Staff at University of Leeds among those voting for strike action over pay and working conditions

Staff at the University of Leeds are among those to have voted in favour of strike action over pay and working conditions.

Sunday, 7th November 2021, 4:45 pm

Members of the University and College Union (UCU) at UK universities have been balloted, with more than one in seven - 70.1 per cent - backing strike action, and 84.9 per cent voting for action short of strikes.

The UCU said 52 branches beat the 50 per cent turnout threshold legally required for strike action.

The result threatens disruption at universities before the end of the year.


The UCU has warned previously that a campaign of industrial action could stretch into the new year if the deadlocked row remains unresolved.

Union members also backed strike action in a separate dispute over pensions.


The union's higher education committee (HEC) is expected to meet on November 12 to decide the next steps.

Following the separate ballots, staff at 58 universities could take strike action - 21 over pay, 33 over both pay and pensions, and four over pensions only.

The University of Leeds is among the institutions where a mandate was secured to strike over both pay and pensions.

The UCU claims that cuts to the Universities Superannuation Scheme (USS) pensions scheme would reduce the guaranteed retirement income of a typical member by 35 per cent.

It has also suggested that pay for university staff fell by 17.6 per cent relative to inflation between 2009 and 2019, and since then employers have made below-inflation offers, with the latest worth 1.5%.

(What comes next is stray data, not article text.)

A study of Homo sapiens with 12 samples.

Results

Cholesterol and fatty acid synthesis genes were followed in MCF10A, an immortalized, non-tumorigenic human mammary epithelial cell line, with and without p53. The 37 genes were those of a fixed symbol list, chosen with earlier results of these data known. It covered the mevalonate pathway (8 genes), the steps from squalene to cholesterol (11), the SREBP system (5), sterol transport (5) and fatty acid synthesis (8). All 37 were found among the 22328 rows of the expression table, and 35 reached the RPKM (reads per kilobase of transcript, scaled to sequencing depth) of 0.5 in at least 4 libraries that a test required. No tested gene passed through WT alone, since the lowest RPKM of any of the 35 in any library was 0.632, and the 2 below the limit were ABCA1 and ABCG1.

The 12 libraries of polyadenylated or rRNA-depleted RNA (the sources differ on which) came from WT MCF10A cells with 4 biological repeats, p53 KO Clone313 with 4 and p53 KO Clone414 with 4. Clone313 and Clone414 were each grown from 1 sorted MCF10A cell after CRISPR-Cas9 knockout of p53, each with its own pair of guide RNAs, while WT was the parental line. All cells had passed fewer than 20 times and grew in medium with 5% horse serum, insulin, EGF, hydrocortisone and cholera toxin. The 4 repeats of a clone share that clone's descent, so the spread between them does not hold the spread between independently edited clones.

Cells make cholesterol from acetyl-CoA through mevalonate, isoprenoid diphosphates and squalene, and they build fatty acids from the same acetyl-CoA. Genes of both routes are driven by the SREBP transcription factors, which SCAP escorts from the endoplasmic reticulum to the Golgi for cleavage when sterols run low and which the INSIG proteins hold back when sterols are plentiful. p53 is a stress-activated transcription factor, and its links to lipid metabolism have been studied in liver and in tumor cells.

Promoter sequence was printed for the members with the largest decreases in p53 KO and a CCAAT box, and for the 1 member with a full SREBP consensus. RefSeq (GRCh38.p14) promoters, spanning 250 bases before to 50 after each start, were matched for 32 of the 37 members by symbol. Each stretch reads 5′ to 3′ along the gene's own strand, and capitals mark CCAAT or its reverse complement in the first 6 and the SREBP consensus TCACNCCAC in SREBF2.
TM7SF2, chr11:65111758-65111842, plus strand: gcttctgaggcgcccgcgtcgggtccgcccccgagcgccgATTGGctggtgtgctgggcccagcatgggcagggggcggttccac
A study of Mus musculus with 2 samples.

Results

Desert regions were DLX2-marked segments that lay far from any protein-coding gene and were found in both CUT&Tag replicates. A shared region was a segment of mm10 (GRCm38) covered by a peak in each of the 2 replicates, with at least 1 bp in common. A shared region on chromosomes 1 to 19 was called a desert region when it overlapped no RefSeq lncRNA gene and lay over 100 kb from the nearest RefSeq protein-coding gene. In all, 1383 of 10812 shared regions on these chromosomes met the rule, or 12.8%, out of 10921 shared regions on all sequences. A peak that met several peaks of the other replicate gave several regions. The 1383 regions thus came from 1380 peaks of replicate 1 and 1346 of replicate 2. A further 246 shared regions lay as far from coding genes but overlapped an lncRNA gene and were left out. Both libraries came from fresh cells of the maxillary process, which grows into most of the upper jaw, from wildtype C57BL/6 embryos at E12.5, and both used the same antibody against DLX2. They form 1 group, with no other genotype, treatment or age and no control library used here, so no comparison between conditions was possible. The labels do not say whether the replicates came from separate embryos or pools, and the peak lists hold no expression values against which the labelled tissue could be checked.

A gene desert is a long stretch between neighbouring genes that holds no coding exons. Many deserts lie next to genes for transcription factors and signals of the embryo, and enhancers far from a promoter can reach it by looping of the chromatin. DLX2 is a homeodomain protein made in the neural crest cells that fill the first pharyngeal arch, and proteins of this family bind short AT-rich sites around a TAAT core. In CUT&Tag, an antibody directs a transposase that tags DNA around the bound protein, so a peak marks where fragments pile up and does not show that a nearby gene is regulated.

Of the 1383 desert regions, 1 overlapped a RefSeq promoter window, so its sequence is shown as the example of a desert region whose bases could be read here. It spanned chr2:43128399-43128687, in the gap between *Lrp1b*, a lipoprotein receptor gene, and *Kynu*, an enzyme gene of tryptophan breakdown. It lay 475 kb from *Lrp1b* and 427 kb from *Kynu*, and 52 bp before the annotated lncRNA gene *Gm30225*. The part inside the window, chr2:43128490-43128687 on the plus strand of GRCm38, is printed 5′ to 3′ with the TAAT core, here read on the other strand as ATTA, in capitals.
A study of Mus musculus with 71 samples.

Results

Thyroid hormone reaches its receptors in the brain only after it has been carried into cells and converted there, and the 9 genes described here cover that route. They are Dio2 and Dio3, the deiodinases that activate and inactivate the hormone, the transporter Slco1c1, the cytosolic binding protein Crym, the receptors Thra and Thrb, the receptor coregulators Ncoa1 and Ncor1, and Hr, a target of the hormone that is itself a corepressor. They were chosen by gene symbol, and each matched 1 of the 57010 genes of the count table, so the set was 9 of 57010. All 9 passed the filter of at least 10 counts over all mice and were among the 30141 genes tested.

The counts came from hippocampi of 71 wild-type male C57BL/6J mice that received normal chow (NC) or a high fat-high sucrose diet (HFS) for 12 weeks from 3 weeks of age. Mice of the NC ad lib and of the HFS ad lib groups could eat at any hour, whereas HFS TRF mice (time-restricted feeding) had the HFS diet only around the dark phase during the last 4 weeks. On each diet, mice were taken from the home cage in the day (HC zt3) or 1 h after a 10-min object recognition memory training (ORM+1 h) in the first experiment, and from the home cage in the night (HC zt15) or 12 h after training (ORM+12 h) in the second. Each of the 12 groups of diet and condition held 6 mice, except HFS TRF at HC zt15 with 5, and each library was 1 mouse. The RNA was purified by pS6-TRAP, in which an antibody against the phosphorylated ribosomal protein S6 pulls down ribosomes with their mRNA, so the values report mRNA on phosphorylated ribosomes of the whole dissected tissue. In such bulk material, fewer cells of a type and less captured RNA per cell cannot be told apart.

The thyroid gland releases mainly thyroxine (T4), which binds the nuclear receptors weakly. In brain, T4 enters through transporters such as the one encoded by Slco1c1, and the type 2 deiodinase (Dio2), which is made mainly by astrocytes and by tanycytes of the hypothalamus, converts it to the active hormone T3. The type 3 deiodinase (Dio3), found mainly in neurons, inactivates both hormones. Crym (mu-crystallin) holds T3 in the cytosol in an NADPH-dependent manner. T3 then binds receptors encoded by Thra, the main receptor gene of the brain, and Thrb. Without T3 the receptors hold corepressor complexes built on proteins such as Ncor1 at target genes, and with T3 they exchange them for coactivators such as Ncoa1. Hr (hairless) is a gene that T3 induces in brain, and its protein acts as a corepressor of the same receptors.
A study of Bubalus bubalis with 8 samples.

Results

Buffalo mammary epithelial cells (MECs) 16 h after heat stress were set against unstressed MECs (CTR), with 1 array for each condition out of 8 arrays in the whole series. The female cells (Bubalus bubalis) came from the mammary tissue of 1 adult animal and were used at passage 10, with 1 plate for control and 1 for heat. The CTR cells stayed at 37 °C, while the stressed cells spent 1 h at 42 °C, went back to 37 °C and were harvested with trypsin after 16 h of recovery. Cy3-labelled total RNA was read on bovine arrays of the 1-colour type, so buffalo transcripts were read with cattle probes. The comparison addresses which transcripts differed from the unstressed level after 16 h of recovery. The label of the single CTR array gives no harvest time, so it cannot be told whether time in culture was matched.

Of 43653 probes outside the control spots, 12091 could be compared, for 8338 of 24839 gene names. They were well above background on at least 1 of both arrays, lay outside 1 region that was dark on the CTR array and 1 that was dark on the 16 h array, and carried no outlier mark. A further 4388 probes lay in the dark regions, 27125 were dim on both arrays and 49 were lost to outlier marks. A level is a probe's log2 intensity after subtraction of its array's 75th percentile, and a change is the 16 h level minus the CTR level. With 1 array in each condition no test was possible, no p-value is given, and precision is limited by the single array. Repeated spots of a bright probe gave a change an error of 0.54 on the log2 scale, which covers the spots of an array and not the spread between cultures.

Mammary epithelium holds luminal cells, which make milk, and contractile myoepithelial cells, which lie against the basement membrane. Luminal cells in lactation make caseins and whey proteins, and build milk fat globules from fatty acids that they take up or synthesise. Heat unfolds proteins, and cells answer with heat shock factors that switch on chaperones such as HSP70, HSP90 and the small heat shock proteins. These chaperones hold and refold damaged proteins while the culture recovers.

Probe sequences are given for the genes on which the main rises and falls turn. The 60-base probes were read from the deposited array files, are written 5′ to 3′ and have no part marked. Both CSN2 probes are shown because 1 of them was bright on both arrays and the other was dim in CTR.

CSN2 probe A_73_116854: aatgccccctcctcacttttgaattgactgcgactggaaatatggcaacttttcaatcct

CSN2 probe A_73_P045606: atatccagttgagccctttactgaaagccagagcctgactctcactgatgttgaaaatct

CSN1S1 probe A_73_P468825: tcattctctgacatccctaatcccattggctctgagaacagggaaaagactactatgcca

The UCU held a series of walkouts in 2019 and early 2020 over pensions, pay and conditions, which affected universities across the UK. There was also action in 2018 amid an ongoing row over pensions.

Jo Grady, UCU general secretary, said: "This result is a clear vote of no confidence in the so-called leaders of our universities, with staff telling them in no uncertain terms that they have had enough of pay and working conditions being run into the ground.”

She added: “It is scandalous that university vice-chancellors on overinflated salaries seem to think doing nothing on pay, casualisation and inequality is acceptable in a sector awash with money.

"We truly hope that disruption can be avoided, that is what staff and students alike all want. But this is entirely in the gift of employers who simply need to end their attacks on pensions, pay and working conditions and finally demonstrate they value their staff."

Raj Jethwa, chief executive of employers association UCEA, said: "UCEA has read the low turnouts in the UCUs' ballots of their members over the 2021-22 pay award as a clear indication that the great majority of university union members as well as wider HE employees understand the financial realities for their institution.

"These disaggregated ballot results are disappointing for UCU and their HEC now faces awkward discussions and has very difficult decisions to make regarding strike action.

"The low ballot numbers follow a six-month period of delay since UCEA's pay offer for UCU to prepare and campaign for strike action clearly targeting students during the autumn term."

On the results of the pensions ballot, Hillary Gyebi-Ababio, vice-president for higher education at the National Union of Students (NUS), said: "NUS stands in solidarity with staff who have voted for industrial action over these past few weeks."

She added: "Staff working conditions are our learning conditions, and we must stand together if we are to realise a system that is truly student-centered and democratised."